Recently, on a normal day at McClelland Gun Shop in northeast Dallas, Texas, an old revolver was brought in to the store’s gunsmith for a routine hammer repair. Neither the gun’s owner nor the McClelland employees could’ve guessed the amazing piece of history they were about to uncover. It turns out this patinated old wheelgun had likely seen action in the hands of one of the legendary Pancho Villa‘s bandito gang members or Mexican Revolutionary guerrilla fighters in the early 1900s, and the owner didn’t even know it.
McClelland Gun Shop’s “Viva Villa” reveal:
“This Colt Single Action Army in 45 LC has an absolutely *incredible* history. We first noticed the hash marks on the outside of the almost totally smooth left grip. As we disassembled the revolver, we found Viva Villa and a cross with the name Carranza etched onto the inside.We called the owner to tell him what we found inside the grips and he was stunned. He told us the older man who pawned the gun at one of his shops over 25 years ago told a story about how his grandfather used to run with Pancho Villa. The owner never knew whether to believe the man or not until now. Apparently, the man used to pawn the gun from time to time for quick cash, but one day, he never came back for the Colt.Assuming the story is true, this piece of Mexican history witnessed so much! Pancho Villa eventually became a general in the Mexican Revolution, which lasted from 1910-20. Villa can be credited with decisive military victories leading to the ousting of Victoriano Huerta from the presidency in July 1914. Following Huerta’s defeat and exile, Villa fought the forces of his own erstwhile leader, First Chief of the Constitutionalists Venustiano Carranza (likely the Carranza etched into the cross on the grip). If you like any sort of history, I recommend Pancho Villa’s Wiki page. It’s a wiiiiiiild ride!We dated the Colt’s serial number to the year 1900, making it entirely plausible this revolver saw action during the revolution. And the hash marks…. well… I think you know what those mean. “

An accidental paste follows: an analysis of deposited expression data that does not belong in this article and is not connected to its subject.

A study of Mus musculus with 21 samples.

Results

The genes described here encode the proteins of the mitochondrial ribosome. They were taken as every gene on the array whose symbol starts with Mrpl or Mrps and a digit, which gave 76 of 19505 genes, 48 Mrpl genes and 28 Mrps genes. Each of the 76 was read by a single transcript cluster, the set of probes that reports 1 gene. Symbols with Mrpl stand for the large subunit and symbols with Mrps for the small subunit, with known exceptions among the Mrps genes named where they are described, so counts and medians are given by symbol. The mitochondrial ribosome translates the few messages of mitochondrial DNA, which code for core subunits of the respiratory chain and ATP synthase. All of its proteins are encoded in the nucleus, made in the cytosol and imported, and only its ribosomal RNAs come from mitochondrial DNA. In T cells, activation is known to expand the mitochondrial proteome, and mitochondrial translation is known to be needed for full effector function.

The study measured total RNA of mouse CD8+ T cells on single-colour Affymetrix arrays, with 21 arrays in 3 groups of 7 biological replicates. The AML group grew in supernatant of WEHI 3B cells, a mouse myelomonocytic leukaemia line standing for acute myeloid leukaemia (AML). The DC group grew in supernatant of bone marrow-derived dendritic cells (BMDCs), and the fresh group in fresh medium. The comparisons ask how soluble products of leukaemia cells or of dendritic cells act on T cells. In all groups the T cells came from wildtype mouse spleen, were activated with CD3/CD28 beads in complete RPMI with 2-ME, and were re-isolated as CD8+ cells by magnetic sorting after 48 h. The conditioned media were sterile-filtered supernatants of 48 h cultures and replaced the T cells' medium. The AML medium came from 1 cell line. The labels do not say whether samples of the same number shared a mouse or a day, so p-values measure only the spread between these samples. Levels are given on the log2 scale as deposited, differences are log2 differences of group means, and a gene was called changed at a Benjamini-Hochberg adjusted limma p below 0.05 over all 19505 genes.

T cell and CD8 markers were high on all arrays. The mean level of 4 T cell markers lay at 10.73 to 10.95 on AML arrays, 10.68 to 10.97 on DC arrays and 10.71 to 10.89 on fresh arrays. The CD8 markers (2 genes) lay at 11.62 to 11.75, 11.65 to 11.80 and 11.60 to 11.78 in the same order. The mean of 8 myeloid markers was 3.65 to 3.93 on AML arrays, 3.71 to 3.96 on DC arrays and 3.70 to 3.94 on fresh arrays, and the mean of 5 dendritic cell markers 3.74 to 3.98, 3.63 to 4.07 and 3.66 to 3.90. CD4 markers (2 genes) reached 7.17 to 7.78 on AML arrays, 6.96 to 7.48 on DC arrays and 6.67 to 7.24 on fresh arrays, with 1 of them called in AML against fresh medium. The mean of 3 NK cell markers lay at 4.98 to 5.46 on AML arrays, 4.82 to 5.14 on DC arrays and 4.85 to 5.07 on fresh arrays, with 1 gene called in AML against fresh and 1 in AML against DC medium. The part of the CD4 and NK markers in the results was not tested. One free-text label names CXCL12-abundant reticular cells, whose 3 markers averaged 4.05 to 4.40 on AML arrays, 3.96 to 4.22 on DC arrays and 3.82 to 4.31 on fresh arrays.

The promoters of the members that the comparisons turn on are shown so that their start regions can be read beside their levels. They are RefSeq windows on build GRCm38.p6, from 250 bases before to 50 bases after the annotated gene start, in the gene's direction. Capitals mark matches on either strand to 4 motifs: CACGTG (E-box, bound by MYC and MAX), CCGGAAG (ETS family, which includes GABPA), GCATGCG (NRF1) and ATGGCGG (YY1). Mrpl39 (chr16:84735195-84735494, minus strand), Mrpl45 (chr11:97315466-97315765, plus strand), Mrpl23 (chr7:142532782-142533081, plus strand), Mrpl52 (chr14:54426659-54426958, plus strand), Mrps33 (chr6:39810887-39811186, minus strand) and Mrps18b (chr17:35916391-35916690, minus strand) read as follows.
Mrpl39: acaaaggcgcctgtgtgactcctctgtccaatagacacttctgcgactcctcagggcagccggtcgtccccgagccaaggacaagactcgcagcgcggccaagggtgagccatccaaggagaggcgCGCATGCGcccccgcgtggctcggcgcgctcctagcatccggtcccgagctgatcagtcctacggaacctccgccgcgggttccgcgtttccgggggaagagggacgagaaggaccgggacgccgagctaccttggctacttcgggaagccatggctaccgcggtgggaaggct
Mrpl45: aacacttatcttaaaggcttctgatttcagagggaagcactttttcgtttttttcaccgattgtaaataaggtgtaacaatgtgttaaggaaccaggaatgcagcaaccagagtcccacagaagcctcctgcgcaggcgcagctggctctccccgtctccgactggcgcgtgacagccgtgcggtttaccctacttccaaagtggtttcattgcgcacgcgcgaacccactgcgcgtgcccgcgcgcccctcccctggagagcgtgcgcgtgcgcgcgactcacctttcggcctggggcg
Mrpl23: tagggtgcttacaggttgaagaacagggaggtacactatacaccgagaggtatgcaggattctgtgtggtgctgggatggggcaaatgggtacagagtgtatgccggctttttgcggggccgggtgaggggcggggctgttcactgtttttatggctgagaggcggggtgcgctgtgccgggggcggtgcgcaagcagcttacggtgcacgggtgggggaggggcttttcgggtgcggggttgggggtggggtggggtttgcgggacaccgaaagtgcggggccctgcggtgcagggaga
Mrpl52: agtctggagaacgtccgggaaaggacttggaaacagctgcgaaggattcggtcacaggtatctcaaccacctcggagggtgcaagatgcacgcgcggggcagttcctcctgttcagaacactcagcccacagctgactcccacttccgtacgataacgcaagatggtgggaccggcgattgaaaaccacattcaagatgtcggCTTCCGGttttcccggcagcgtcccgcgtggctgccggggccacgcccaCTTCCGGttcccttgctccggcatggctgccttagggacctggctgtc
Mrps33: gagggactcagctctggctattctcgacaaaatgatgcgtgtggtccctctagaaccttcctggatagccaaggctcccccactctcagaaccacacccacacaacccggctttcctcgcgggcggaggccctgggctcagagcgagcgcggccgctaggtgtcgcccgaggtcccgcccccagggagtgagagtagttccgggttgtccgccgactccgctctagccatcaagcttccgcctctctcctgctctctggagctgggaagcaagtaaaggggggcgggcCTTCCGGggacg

McClelland’s owner clarified a few points, most importantly including the date stamping on the frame’s left side. There are three dates visible, the last of which reads “Jan 19. 75”, and some commenters said they thought this meant the gun wasn’t made until the year 1975 – thus making the Pancho Villa connection impossible. However, this is incorrect as Colt aficionados will know. These numbers indicate one of the gun’s relevant patent dates: January 19th, 1875. As stated above, Colt’s serial number confirms its year 1900 manufacture, which would place it at correct timing for the reputed Villa context.
What do you think, readers? Based on the gun’s info and condition, do you believe the story? Do those notches indicate five Mexican Federales gunned down by this fascinating old revolver? Or do you think there’s reason to doubt the gun’s reported history, and if so, why? Let us know in the comments! See you at the range.